When someone says there is a fire on Mount Tzouhalem, I have to go see for myself. The idea of a forest fire is terrifying to me. One on our sacred mountain is even more terrifying, if that’s at all possible.
The fire began around 5 p.m. on July 7 at a house on Maple Bay Road and quickly spread to adjacent bush, according to a news release from the Municipality of North Cowichan. Approximately 50 firefighters from the five fire halls, 10 pieces of equipment, two ambulances, and air assistance from the BC Wildfire Service responded to the fire.
“With the severely dry conditions, this fire could have quickly spread,” said Martin Drakeley, North Cowichan’s Manager of Fire and Bylaw Services, in the news release. “We all have a role to play during times of high wildfire risk, and we’re thankful to the nearby residents who called this fire in quickly. That combined with the rapid response by our firefighters kept this fire from risking other properties and having devastating results.”
I want to raise my hands to the fire crews that responded so quickly and as always risked their safety to ensure the safety of the community.
A week ago, at the height of the deadly heat wave, I had to go outside for a few minutes and intentionally stand in the record heat. I had to stand there first hand experiencing the beating sun, feeling its power, it’s piercing seer, my skin exposed to it’s rays. I had to intimately know what that heat feels like, because this is unprecedented in my nation’s history.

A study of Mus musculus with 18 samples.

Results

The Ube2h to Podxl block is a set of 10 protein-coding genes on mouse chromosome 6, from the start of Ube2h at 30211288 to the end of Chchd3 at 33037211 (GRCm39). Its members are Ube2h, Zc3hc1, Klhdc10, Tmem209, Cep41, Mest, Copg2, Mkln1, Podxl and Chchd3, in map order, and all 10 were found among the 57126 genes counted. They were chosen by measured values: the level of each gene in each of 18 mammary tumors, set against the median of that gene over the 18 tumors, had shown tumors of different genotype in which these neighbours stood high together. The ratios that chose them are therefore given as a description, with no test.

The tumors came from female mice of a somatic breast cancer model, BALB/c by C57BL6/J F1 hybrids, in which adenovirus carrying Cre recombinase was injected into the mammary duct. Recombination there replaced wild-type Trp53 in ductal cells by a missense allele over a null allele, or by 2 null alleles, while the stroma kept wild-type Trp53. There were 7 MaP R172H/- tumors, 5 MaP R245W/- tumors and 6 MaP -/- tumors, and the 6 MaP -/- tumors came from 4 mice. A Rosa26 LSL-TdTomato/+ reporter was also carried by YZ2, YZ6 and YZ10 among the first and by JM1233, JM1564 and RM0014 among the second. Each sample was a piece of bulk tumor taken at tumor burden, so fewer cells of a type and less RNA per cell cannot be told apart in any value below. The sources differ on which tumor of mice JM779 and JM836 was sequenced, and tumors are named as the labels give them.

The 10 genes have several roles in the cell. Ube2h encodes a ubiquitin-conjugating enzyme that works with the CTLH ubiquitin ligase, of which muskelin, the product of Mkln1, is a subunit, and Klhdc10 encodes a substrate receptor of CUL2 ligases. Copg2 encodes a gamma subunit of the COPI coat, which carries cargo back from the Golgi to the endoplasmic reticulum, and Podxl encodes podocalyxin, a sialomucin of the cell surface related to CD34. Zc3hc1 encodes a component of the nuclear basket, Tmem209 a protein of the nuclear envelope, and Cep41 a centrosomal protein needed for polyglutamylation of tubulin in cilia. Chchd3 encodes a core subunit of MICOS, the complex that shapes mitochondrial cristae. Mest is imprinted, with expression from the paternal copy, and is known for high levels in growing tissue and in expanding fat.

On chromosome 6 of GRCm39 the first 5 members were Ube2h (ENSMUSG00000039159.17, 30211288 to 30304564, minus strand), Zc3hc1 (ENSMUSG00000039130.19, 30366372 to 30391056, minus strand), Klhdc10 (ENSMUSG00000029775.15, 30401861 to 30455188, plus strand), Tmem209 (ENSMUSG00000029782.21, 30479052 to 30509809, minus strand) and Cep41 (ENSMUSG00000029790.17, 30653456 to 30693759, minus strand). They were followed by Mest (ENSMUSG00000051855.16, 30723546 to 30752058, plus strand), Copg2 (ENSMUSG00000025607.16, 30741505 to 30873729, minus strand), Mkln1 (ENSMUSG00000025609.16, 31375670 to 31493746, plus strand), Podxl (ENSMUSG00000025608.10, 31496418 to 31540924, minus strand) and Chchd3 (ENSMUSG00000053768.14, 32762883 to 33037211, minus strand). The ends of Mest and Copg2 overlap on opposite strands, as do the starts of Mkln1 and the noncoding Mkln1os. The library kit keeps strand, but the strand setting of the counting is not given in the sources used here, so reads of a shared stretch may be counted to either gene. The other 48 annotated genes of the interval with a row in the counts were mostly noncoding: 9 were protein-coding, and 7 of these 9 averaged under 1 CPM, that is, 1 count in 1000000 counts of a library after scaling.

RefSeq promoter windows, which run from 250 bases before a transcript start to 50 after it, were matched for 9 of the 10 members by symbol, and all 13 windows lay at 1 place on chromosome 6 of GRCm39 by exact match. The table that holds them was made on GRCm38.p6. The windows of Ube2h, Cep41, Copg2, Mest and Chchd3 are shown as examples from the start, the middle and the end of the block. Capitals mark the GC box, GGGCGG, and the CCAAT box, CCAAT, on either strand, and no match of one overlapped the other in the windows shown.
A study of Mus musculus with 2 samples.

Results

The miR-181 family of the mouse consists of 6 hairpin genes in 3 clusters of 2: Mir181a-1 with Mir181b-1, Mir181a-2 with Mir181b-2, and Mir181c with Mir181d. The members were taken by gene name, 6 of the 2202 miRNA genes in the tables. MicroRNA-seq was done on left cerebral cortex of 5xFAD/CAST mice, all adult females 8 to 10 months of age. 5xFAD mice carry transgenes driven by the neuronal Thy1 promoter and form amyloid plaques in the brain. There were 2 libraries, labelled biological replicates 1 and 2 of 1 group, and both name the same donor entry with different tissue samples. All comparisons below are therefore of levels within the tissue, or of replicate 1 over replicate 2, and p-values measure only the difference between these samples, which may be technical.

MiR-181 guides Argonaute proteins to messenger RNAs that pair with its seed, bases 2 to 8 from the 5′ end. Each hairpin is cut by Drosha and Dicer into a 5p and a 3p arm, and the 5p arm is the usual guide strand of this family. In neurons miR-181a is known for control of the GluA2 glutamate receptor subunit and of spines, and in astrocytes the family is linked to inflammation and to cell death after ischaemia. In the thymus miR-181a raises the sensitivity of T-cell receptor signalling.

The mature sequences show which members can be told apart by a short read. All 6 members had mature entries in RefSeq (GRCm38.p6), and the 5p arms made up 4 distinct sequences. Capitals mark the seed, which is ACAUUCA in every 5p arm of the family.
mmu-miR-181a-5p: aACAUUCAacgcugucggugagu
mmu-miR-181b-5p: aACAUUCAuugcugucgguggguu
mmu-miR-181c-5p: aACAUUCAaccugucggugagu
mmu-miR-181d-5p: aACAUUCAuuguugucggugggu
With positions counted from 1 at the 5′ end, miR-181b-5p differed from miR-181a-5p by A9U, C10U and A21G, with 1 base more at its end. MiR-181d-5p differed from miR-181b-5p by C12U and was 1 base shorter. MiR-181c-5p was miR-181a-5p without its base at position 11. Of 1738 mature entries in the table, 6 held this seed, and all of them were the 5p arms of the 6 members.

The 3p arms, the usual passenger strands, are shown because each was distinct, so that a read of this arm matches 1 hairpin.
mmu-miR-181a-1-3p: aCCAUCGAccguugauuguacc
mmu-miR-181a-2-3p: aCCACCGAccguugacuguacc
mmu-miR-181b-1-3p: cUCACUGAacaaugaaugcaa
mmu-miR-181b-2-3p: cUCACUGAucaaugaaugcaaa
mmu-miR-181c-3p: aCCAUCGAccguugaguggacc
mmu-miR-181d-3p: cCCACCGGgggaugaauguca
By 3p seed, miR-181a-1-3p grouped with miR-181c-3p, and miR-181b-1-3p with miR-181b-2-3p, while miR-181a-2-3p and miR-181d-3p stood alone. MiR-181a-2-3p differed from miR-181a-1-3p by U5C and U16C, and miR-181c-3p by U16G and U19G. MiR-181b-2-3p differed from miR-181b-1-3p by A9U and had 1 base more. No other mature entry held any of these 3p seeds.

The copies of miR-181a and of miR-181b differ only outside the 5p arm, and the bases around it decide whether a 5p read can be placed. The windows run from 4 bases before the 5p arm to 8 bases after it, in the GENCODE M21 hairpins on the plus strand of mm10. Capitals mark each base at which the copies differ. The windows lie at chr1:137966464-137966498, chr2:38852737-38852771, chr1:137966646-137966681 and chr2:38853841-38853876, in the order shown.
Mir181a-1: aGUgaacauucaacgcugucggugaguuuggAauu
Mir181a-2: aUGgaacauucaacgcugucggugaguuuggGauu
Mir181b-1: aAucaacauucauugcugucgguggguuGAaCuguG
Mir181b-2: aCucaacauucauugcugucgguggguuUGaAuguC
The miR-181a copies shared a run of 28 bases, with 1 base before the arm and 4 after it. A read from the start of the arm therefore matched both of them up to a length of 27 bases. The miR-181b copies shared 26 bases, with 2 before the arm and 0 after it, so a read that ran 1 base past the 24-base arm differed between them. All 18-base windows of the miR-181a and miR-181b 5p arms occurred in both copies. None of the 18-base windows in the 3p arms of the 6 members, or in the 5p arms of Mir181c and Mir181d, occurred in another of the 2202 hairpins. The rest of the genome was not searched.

Almost instantly my thoughts went to the river. How would the fish survive and move in the warmer water? How do the minnows find their way to the sea? What new bacteria grows will grow in these warmer waters? Can our river survive this?
The Cowichan River is already too hot this year for many fish to survive, one scientist reports. More than a billion sea animals likely died in the heat wave, in unsurvivable ocean temperatures, another scientist estimates.
In that heat I thought about the forest. How would the deer and bear cope with this heat? How would the beaver survive if the river runs dry or hot? Oh how the clear cuts and slash piles must bake in this sun. How the rocks of the mountains must burn away their moss.
The heat, and the extreme risk of fire, in Quw’utsun (Cowichan) is not normal. This is new, and a result of climate change.
Already, fire crews from the Cowichan region are headed to the Interior, where fires are raging and the air is filled with dangerous smoke. Police are handing out $1,150 tickets for violating the ongoing campfire ban, but there are better reasons to avoid any and all activities that could lead to a wildfire.
Stay safe siem nu siiye’yu (respected friends) and don’t smoke, light fires, or even fart too loudly in the woods. The last thing Quw’utsun needs is a forest fire.